The “road” from Supai to Haulapai Hilltop, Arizona, is unpaved, rock-strewn, narrow at points, and very dangerous. More aptly called a wide path, at some points the route has a drop-off of 1.5 miles to the floor of the Grand Canyon. Yet for two centuries it has been the sole economic lifeline for a village of about 600. Seventy-five percent of American communities are dependent solely on trucks for delivery of goods and products; Supai is not one of them. One of the few places in America without trucks, mules are the transportation mode of choice — the only choice. The sign on the Supai Post Office says proudly “Mule Route — Established in 1893.”
Situated on the Havasupai Indian Reservation in northwest Arizona, the Supai village is served by this dusty eight-mile trail suitable only for horse, man and mule. The U.S. Postal Service retains a contractor who provides the necessary mules and packers for the shipments of mail, food and other supplies to the village.
Each mule handles an average 132 pounds of mail, but can carry as much as 200 pounds if the load is balance-packed. Perishable items are frozen prior to the heat-filled trip to the village.
One would expect “fuel” for mules to be cheaper than diesel fuel, but I have my doubts. With each mule eating about a half a sack of feed a day, the shipping and handling costs may make it more expensive than diesel.
The Postal Service collects $10.48 in postage for each bag of feed that is mailed to the Indian reservation, but ends up paying the contractor $23.25 per bag for transport to the reservation. Mules have a three-bag capacity; each bag weighs 51 pounds. Word has it that mules — like many of their human counterparts in this country — have increased their fuel intake in recent years.
Mule maintenance is an additional challenge. Because of the rugged nature of the trail, mules require constant re-shoeing — every few days or so — and receive constant cuts and contusions on their legs. Make no mistake, this is hazardous duty. From time to time mules will lose their footing, go off the edge and fall to their deaths on the floor below.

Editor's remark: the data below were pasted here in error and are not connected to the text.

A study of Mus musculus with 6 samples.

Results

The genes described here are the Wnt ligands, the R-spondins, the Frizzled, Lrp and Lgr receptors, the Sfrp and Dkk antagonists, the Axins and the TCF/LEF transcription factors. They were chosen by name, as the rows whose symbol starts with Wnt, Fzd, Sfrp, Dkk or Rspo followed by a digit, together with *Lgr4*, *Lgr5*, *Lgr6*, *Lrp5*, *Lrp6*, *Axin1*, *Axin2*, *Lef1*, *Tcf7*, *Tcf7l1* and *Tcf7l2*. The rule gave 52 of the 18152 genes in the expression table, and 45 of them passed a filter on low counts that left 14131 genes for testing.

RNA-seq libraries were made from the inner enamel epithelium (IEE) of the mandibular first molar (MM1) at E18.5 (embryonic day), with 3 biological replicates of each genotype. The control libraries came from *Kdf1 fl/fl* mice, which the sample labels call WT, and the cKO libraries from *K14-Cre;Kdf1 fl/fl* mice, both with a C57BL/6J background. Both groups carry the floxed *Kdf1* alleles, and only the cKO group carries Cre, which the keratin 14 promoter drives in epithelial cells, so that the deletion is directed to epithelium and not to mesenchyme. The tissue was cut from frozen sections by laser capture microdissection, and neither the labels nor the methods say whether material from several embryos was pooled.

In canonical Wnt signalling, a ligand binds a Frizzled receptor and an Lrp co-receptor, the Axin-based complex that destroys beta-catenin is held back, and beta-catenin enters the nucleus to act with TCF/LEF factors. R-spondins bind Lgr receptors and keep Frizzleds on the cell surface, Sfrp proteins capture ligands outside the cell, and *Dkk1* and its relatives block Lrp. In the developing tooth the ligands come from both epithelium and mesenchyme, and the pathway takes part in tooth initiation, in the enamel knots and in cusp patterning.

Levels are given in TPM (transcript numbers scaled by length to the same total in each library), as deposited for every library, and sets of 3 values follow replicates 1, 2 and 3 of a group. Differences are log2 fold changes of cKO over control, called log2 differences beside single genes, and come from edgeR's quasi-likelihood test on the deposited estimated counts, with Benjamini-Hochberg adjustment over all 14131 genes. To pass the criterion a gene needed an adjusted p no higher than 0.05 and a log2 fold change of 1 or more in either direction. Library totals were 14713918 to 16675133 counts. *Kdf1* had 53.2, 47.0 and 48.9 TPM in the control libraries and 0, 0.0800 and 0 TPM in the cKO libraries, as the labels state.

Still, the overall cost of the mules for the government is cheaper and more efficient than the only other remotely possible means of transport for the village: helicopters. The drawbacks to this alternative are noise; high winds in the canyon; a limit of 500 pounds of cargo per helicopter; and high tribal land-right fees. While it would take 20 helicopter runs to deliver 10,000 pounds of goods, fewer than 75 mules could get the job done in one trip.
The “fleet” of 150 mules is owned by a group of Supai Indians, who have set a minimum rate of $45 per mule, per load, regardless of weight. The government's contractor employs these Indians to supply the mules and oversee the loading of shipments each day. Food, clothing, goods and mail are delivered by truck to the Post Office at a base camp location called Peach Springs. A Frito-Lay truck, for example, might unload a van full of product at Peach Springs, with the entire shipment destined for Supai. The Post Office maintains a walk-in cooler to keep the perishable products in good shape until they're loaded onto the mules.
To a world rushing at high speed to bring buyer and seller together sooner, safer and at a lower cost, the sight of a team of mules moving slowly down a village trail is to be thrust back into the 19th century.
Commercial mule transport brings a wave of warm feeling for a much slower age and time that has long passed into history. Except in Supai, Arizona.
Gary Petty is President and CEO of NPTC. His column appears monthly in FLEET OWNER.